Karen B, a New Englander, was closest to the correct answer regarding my question from my last post.
According to the Twinlights Lighthouse website, in 1899, Guglielmo Marconi, the Italian pioneer in radio transmission, placed an antenna and receiving station at this lighthouse to demonstrate his Wireless Telegraph. The New York Herald newspaper had hired him to report on the America’s Cup yacht races, which were being held off the tip of Sandy Hook. This demonstration worked so well that Marconi expanded his operations, making Twin Lights the nation’s first wireless telegraph station capable of sending and receiving messages on a regular commercial basis.
So I would go ahead and say that much of our modern wireless communication can be attributed to the pioneering works of Mr. Marconi. More can be learned about Mr. Marconi, should you be so inquisitive, if you go here and for his Nobel Prize accomplishment, you can go here.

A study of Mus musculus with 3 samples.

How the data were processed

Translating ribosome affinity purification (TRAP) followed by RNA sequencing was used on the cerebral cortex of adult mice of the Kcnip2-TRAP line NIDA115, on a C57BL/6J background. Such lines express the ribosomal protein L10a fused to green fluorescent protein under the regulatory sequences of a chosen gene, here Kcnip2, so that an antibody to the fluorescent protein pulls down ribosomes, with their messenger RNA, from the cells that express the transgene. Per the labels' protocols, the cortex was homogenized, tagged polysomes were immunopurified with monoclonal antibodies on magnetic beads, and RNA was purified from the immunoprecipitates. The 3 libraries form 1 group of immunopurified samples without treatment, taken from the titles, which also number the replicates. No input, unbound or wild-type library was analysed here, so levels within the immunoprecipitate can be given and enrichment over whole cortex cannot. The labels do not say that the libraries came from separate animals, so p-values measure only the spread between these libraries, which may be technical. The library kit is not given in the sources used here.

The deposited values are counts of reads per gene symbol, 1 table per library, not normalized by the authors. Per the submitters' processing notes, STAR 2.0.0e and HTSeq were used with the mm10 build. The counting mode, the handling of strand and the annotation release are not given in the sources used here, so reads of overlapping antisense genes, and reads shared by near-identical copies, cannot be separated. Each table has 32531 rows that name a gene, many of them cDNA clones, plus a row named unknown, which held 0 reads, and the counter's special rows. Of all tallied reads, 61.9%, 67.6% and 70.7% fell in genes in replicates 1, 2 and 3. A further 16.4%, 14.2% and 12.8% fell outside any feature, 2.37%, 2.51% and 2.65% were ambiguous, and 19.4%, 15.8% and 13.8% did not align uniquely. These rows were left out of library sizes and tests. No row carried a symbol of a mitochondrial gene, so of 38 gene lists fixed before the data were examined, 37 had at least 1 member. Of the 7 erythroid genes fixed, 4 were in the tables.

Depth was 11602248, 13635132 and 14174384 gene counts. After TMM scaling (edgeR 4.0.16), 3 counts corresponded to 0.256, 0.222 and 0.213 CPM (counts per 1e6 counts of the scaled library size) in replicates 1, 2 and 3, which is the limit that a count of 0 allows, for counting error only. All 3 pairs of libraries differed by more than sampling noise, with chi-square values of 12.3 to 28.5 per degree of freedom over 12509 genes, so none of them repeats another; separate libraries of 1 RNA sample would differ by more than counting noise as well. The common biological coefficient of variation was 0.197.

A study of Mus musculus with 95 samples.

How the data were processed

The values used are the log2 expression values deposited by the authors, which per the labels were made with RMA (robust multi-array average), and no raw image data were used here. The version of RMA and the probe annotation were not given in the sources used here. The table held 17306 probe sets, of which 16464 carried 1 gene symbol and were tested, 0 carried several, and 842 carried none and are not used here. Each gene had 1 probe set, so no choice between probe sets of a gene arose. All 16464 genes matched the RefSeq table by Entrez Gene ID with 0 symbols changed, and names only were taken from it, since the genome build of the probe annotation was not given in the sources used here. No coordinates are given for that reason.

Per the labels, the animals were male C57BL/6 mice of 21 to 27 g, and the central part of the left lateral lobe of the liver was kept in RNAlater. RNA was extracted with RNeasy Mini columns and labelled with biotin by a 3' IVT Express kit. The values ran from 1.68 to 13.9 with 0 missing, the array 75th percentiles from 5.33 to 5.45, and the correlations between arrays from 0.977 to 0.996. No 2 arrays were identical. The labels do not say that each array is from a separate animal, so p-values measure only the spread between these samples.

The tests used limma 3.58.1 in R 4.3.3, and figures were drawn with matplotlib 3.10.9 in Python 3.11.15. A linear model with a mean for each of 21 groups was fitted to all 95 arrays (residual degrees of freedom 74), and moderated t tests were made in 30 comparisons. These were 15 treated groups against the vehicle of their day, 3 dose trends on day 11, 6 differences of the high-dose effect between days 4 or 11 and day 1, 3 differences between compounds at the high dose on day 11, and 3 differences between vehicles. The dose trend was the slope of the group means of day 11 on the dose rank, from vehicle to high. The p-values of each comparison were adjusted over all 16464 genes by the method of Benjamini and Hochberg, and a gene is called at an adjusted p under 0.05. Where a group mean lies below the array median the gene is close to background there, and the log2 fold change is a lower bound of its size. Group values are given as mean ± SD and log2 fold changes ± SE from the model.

As for the photo, I’m not totally thrilled with the composition but it’s the best angle I could get without giving it a nasty case of the lens distortion uglies. My Sigma10-20, or any ultra wide angle for that matter, has a difficult time of rendering a distortion free photo if the focal plane of the mirror isn’t directly parallel with it’s subject. I was positioned fairly low, as you can see, and had to use the lens correction module in Lightroom to minimize the distortion in the building behind the lighthouse. It’s still visible but acceptable. Maybe a tilt-shift lens will be in my future?